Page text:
SALEM — Oregon Democratic lawmakers made history Thursday when they selected Rep. Tina Kotek as their nominee to hold the speaker's gavel, putting her in line to be the nation's first openly lesbian House speaker.
Democrats broke the historic 30-30 split in the House by gaining four seats in the recent election, giving the party a 34-26 edge over their Republican counterparts.
In the 2011 and 2012 legislative sessions, Rep. Arnie Roblan, a Democrat from Coos Bay, shared the speaker duties with Rep. Bruce Hanna, a Republican from Roseburg. Roblan and Hanna were hailed for helping their parties avoid partisan breakdowns that were evident in other states. Roblan said he's confident Kotek will keep the spirit of bipartisanship intact.
“She's thoughtful,” Roblan said. “She comes from the Portland area and sometimes people in rural areas get nervous about that. But she listens intently to the needs that exist across the state.”
Kotek, 46, will work closely with Rep. Mike McLane, R-Powell Butte, who was selected last week to be the House Republican Leader. During McLane's first legislative session, his desk on the House floor was next to Kotek's desk.
“I like Tina Kotek,” McLane said.
After McLane was chosen to lead his party, Kotek called him.
“She assured me all good ideas will have an opportunity to be heard,” McLane said.
Kotek, who is serving her third term in the House, said one of her proudest accomplishments was her work to redesign the state's cash- assistance program for low income families, the Temporary Assistance for Needy Families or TANF.
TANF was restructured and expanded, along with ensuring additional funding went to child abuse programs.
“It encompasses everything I care about,” she said, adding that helping children and families who are the most vulnerable has long been a priority.
Kotek also played a key role in the state's overhaul of the health care system.
Her Republican counterpart on the legislation was Rep. Tim Freeman, a gas station owner from Roseburg.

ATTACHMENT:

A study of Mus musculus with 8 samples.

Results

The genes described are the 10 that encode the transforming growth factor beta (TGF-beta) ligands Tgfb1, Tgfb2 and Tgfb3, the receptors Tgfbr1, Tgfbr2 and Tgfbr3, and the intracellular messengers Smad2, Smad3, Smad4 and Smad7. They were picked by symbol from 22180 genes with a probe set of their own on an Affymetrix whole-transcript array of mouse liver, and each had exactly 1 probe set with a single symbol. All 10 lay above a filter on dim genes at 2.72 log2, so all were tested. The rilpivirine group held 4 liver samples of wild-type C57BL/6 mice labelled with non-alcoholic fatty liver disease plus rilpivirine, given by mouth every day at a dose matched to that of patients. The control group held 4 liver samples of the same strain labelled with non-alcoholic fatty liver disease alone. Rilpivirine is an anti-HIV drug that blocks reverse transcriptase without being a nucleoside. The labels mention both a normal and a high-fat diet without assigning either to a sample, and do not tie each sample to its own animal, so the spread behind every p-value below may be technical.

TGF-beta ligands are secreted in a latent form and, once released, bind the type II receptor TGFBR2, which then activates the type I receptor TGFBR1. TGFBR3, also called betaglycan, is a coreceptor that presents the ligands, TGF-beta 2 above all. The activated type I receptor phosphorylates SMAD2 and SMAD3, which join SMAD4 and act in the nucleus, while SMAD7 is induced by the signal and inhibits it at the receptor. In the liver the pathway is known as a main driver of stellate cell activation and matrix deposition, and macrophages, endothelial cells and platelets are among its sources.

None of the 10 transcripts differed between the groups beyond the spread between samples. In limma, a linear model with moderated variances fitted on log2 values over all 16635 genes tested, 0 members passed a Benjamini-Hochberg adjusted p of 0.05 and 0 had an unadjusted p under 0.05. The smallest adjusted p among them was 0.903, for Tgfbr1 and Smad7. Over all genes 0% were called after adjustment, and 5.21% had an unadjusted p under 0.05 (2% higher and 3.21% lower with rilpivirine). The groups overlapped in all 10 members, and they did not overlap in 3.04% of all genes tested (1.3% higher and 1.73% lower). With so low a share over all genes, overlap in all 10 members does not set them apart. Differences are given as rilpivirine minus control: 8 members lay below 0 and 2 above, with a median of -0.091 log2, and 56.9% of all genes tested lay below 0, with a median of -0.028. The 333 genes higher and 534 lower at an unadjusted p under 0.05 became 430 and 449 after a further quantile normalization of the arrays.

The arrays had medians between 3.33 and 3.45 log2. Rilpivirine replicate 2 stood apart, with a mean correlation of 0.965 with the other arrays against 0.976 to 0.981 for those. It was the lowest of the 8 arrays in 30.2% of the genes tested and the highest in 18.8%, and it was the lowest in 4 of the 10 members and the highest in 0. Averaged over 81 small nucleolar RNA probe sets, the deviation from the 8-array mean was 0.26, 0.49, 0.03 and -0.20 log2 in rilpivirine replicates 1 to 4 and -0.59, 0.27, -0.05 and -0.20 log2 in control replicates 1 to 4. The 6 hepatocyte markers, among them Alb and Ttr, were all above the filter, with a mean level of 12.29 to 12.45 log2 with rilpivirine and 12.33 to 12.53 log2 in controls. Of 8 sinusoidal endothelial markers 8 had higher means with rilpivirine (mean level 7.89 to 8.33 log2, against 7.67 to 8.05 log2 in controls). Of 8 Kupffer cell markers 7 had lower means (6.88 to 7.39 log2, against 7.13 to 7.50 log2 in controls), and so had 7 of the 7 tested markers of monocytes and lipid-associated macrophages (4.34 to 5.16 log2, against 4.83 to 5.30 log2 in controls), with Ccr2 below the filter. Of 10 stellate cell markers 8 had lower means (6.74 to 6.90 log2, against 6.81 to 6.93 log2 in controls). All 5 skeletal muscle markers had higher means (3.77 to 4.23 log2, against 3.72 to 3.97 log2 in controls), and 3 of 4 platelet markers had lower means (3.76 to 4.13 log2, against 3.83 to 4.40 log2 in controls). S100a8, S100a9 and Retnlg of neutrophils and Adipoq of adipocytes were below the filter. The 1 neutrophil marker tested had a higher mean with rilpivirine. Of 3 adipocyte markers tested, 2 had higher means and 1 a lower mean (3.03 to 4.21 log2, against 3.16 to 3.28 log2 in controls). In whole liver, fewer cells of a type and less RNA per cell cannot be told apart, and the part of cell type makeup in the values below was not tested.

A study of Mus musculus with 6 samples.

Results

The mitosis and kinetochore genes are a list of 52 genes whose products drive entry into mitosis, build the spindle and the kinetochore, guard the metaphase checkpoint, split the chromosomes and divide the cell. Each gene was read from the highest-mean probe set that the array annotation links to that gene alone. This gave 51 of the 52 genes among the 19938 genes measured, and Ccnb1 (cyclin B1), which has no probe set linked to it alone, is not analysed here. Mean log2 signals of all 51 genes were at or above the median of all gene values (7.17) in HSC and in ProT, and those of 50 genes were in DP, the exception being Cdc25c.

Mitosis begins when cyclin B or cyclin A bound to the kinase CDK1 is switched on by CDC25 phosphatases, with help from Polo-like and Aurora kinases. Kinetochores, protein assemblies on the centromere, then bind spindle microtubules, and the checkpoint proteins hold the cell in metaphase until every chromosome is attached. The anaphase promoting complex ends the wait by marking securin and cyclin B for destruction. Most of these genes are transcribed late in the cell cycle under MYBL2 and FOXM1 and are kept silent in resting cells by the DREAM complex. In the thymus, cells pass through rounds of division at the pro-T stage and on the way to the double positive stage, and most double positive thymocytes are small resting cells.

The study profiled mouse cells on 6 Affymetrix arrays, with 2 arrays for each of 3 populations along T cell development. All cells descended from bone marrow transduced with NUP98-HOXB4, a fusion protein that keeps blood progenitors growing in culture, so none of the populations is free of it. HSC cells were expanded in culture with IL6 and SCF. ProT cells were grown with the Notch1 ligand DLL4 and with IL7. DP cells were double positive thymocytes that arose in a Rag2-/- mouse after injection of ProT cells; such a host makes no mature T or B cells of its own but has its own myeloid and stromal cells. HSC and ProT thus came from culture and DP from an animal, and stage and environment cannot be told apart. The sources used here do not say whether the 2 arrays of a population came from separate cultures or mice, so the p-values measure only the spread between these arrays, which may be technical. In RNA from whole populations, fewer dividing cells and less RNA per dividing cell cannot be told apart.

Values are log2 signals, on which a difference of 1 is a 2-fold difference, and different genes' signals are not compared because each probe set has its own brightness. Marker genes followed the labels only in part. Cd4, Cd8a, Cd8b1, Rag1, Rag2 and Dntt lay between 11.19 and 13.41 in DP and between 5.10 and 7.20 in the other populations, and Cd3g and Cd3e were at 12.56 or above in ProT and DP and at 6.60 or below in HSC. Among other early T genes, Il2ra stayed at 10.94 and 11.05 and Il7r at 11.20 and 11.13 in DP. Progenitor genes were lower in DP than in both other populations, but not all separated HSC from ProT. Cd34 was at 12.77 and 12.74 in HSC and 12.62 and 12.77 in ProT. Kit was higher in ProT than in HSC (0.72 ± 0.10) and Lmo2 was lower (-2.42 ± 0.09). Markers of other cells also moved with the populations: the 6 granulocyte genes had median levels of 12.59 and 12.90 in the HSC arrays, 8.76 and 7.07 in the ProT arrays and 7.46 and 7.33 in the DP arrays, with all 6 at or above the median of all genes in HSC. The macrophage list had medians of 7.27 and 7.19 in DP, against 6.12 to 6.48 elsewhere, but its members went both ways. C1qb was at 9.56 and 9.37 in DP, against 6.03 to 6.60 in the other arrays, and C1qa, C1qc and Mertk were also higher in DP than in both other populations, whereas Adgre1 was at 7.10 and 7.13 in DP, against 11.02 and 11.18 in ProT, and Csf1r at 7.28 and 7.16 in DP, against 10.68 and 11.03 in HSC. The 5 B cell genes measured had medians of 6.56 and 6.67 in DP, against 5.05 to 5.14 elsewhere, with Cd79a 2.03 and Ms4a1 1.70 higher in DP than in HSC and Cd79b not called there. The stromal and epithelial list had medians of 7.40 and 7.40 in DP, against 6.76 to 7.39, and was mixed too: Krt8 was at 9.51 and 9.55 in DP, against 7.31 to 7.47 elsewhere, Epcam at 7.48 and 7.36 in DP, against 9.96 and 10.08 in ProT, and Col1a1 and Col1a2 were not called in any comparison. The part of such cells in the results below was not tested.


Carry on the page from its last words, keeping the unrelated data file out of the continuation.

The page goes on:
Freeman acknowledged the two are on different ends of the political spectrum. They also served as co-chairs of the Ways and Means Subcommittee on Health and Human Services.
“Neither one of us raised our voices at any time or were ever unprofessional,” Freeman said. “We had a cordial, professional relationship and I look forward to that continuing, and I see no reason why it shouldn't.”
Kotek has made it clear she plans to prioritize funneling more money toward K-12 education.
With limited state revenue, she said, lawmakers will scrutinize tax breaks to see where money can instead be put into the state's education system.
“Does a tax break on a vacation home somehow have a bigger priority than more money in the classroom?” she said. “I don't know if we'll take on that tax credit, but that's an example of how we'll set priorities.”
When it comes to reforming the state's public pension program, Kotek says she is open to having the conversation. But she doesn't believe voters are as concerned about the system as other state issues.
“People want to talk about schools and the fact that they have been unemployed for 21 months ... we need to keep the focus on those things and have a discussion about PERS,” she said.
Kotek said most of her colleagues know her as an advocate for children and health care.
But, she said, it's because that work has been well respected that she can also have a conversation about lesbian, gay, bisexual and transgender, or LGBT, issues.
And she said, she realizes with her new position comes a new responsibility.
“You have a higher profile if you are Speaker of the House no matter who you are,” she said. “I would like to say that I'm a responsible role model for LGBT youth and that it does get better, as the video campaign says.”
Although Kotek will be the first openly lesbian speaker, an openly gay man was elected as Speaker of the House in Colorado.
There are also gay speakers of the House in New York and Rhode Island, according to Denis Dison with the Victory Fund, which is a nonprofit that supports openly gay candidates for office.
The speaker controls the House agenda and assigns lawmakers to committees.
The formal vote of the entire House will be Jan. 14.
At the end of her term, Kotek already hopes lawmakers will be able to say she always had “the best interest of the entire state at heart.”
Rep. Val Hoyle, D-West Eugene, will serve as House majority leader.